Ever adventurous, English Touring Opera is clocking up a couple of firsts with this new production of Dardanus – the company’s first foray into the French Baroque, and apparently the premiere performance of this particular work in the UK, but presumably of Rameau’s revised version of 1744, rather than the 1739 original, as the Royal Academy of Music mounted that in 2006.
It is a more or less unanimous verdict that the later version is the more satisfactory from a dramatic point of view, in that it jettisons the sensational but absurd supernatural and magical episodes of the last three Acts (and also some imaginative music, admittedly) in favour of a more realistic and involving examination of Dardanus’s relationship with Iphise, the daughter of his enemy-in-combat, Teucer, King of Phyrgia. Iphise returns Dardanus’s love (despite that breach of diplomatic protocol, and the fact that she is promised to Antenor as his bride) but after near-fatal vicissitudes, the sincerity of their devotion wins out and is recognised by Teucer and Antenor, though not before the latter is mortally wounded.
At the centre of ETO’s staging is the fine characterisation of the lovers by Anthony Gregory and Galina Averina. True, Gregory is not entirely at ease in the higher part of this distinctively French haute-contre tenor role, but elsewhere he offers nobility and gracefulness of tone, as Averina also attains alongside him, and the opera could justly be called ‘Dardanus and Iphise’ in recognition of their joint achievement.
Stripped of the work’s Lullian, allegorical Prologue for the Classical gods (although Raphaël Pichon includes it on his recent recording of this version of the opera with Ensemble Pygmalion) and with only a handful of dances retained which director Douglas Rintoul choreographs as an innate part of the drama, this production focuses on human and emotional content.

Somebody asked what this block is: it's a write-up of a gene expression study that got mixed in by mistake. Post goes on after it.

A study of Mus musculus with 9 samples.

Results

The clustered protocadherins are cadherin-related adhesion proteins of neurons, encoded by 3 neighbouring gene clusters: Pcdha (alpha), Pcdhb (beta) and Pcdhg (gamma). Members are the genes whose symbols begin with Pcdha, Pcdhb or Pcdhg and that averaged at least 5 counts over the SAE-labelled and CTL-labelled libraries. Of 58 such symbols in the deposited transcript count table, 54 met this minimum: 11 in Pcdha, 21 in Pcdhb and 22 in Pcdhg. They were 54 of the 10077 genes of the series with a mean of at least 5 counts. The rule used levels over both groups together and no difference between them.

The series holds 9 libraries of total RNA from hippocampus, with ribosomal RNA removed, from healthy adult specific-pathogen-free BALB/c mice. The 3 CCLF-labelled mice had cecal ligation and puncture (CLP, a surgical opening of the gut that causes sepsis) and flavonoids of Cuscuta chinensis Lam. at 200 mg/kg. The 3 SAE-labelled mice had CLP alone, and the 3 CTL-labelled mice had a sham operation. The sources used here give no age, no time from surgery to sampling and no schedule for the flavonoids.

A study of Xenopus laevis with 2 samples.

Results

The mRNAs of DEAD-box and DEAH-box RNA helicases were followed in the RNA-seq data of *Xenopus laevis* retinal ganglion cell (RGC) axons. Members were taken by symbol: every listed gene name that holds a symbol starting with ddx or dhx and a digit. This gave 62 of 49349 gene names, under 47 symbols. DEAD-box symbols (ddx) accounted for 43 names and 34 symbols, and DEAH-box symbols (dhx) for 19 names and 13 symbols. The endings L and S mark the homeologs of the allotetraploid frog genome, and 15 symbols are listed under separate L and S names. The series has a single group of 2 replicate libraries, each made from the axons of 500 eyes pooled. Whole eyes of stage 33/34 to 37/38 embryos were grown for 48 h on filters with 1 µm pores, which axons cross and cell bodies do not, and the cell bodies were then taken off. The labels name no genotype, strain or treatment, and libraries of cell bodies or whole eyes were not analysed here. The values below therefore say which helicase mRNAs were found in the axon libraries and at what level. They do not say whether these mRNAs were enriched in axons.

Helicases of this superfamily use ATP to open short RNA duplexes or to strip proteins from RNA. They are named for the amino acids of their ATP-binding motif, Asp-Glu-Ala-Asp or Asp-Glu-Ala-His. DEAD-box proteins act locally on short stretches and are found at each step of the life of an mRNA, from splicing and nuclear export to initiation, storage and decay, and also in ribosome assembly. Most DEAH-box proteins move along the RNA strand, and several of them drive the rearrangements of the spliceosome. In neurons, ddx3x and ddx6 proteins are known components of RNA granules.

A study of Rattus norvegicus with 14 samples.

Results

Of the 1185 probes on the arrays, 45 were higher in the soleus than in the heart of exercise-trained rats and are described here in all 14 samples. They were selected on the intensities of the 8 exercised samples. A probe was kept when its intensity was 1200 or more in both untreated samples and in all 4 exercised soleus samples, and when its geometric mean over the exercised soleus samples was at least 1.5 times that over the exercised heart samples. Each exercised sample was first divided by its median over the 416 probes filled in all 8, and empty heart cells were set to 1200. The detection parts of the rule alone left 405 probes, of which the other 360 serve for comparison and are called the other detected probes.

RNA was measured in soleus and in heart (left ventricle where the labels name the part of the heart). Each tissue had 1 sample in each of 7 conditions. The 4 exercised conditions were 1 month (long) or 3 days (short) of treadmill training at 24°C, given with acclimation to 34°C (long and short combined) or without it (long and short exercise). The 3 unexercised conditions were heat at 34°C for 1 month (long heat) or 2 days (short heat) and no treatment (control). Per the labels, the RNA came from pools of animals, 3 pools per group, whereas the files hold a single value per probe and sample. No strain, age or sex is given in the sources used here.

Setting it in the context of modern warfare, Rintoul draws attention irresistibly to the characters’ conflicts and predicaments, as the drama plays out within a closed bunker-like space, variously representing the domain of Teucer, the abode of the magician Ismenor (where he seems to brew potions, like a benign Mime), and Dardanus’s prison. Not having introduced any deities previously, and with no great show of Ismenor’s magic here, the appearance of Venus in a blaze of light at the climax of the final Act comes as a visually arresting image and a redemptive vindication of the Enlightenment values which Rameau and his librettist wanted to express, rather than disrupting the production’s integrity as an artificial deus ex machine.
Allied with this close scrutiny of the characters’ actions and feelings is the singers’ ability to sustain musical interest throughout. After initially garbling some of the words, Grant Doyle attains dignity and authority as Teucer even before he comes round in support of Iphise and Dardanus’s affections. Timothy Nelson also wins sympathy as he expresses Antenor’s despair on learning that Iphise loves another, not with overbearing fury but with musical fluency, not least in the moving air ‘Monstre affreux’ at the end of Act Two, which is here taken from the 1739 version. Frederick Long’s Ismenor is studied and undemonstrative, presumably in keeping with Rintoul’s production which plays down the opera’s more extravagant and distracting elements.
Jonathan Williams – who is no stranger to Rameau’s music as the curator of the Rameau Project – conducts a fairly sombre account of the score, providing an efficient background to the action, but not detracting from it. The instrumental colours of Rameau’s orchestration come out well, although the bassoon solo in Dardanus’s solo in prison at the opening of Act Four, ‘Lieux funestes’, was raw and not quite on target. The overall temper of the music keeps the drama moving, though it sometimes plods rather than cultivates a veneer of blended finesse which ensembles more familiar with French Baroque repertoire would attain. Even so, this is a creditable production of a musical masterpiece and demonstrates this repertoire’s dramatic and psychological richness.